Holiday Spending Plan Takes the Guilt Out of Giving

Holiday Spending Plan Takes the Guilt Out of Giving

The holiday season has arrived, bringing with it some of the biggest shopping days of the year. Each year we look forward to this time to shop for great bargains and holiday gifts. But many of us don’t plan financially. We go out and buy whatever we want, often just because it’s on sale. We decide we’ll deal with the consequences later.

So let’s do it differently this year. With Hanukkah underway and less than a month until Christmas, get your budget out now. Oh, you don’t like to budget? No problem, let’s call this exercise a “holiday spending plan.”

  1. Calculate your expenses. List your fixed and variable expenses for the next two months in two columns. Total them up.
  2. Calculate your income. Now, calculate how much income you are expecting to receive in the next two months.
  3. Determine how much you can spend. Subtract your fixed and variable expenses from your total income. What is your discretionary income? Is there anything left once all the bills are paid? If the answer is yes, then that is the amount you should be able to spend on your holiday shopping spree without feeling guilty.

For instance, if your discretionary spending money at the end of one month amounts to $500, then you should be able to spend $1,000 on your holiday shopping. If you go out and use a credit card and charge all your purchases, the exercise is the same. You will have to pay off the credit card bill at the end of the month.

But if there is no discretionary money left in your spending plan, and you spend anyway, then you are going into debt. So what should you do? Don’t get discouraged. You should still plan on enjoying the holidays and giving gifts, but think hard about whether you really need to buy all those gifts. There are other ways to enjoy the holidays with the people you care about ‚Äî you’ll just need to be creative.

Other gift ideas

Gifts don’t have to come in the form of material goods. In particular, one gift that doesn’t cost anything is time. For instance, you could volunteer in honor of friends or family members for a cause that is important to them. Or you could give the gift of your skills. For example, I am a financial planner, so I can give someone a few hours of my time to create a mini financial plan. Designing a website, preparing tax returns, making items by hand or doing home cleaning or repairs would all make great gifts. Just design a gift certificate and put it in nice envelope.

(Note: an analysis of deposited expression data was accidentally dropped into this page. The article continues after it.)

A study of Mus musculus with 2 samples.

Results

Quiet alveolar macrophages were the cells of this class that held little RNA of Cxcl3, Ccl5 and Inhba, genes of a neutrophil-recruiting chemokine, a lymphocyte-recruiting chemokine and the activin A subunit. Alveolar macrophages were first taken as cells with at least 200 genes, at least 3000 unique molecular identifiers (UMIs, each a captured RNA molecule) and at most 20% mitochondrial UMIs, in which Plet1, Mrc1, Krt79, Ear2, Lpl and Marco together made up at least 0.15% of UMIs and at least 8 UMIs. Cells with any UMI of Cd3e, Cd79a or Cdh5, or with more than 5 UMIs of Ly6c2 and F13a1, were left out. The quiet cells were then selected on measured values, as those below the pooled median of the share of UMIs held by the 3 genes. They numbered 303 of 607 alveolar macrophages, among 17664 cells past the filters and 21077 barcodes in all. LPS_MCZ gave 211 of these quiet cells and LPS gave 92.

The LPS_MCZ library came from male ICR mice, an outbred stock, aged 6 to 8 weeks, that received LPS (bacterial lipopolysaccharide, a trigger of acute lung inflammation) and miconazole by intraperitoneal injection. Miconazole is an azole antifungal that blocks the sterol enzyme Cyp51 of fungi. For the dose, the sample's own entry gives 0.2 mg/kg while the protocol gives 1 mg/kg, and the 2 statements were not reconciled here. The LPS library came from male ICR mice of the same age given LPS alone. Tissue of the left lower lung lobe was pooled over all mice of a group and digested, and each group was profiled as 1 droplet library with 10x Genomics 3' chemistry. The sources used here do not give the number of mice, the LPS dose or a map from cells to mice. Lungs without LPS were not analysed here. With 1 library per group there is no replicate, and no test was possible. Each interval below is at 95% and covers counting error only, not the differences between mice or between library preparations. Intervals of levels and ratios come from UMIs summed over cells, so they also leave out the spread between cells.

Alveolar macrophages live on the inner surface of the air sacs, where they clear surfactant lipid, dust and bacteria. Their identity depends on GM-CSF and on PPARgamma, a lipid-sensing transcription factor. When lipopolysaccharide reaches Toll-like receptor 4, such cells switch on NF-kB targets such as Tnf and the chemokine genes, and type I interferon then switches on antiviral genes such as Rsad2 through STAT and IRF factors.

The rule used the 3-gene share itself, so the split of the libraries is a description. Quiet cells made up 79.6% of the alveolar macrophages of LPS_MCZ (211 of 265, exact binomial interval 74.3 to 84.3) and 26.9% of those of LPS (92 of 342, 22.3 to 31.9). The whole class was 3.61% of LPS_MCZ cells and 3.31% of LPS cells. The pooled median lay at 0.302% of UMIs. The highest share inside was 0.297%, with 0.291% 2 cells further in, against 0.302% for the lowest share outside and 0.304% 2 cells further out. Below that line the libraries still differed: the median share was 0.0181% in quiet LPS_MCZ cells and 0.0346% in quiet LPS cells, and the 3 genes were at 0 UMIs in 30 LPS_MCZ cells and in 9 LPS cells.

To me, the best gift one can give is a memory, and memories are priceless. Maybe you can simply spend quality time with your friends and family instead of buying them things they probably don’t even need. You can also tell them that you don’t expect any material gifts from them and you’d rather create a great memory that will last a lifetime.

Now I don’t want to sound like the “Grinch who stole Christmas” and prevent you from enjoying the holidays. But I do want you to be wise with your spending. If you are able to follow this plan, you’ll be happy you did in January. After all, no one wants to have “get rid of debt” on their New Year’s resolutions list.

Anna Sergunina

I'm Anna Sergunina, CFP®, President & CEO at MainStreet Financial Planning, Inc. My passion lies in serving others through financial planning, helping clients achieve their dreams like buying a home, saving for education, or retiring early. With over two decades in the industry and a CFP designation since 2009, I'm dedicated to excellence and continuous growth. Beyond work, I cherish moments with my son Liam, prioritize self-care, and engage in content creation for my Money Boss Parent Podcast and Money Library blog.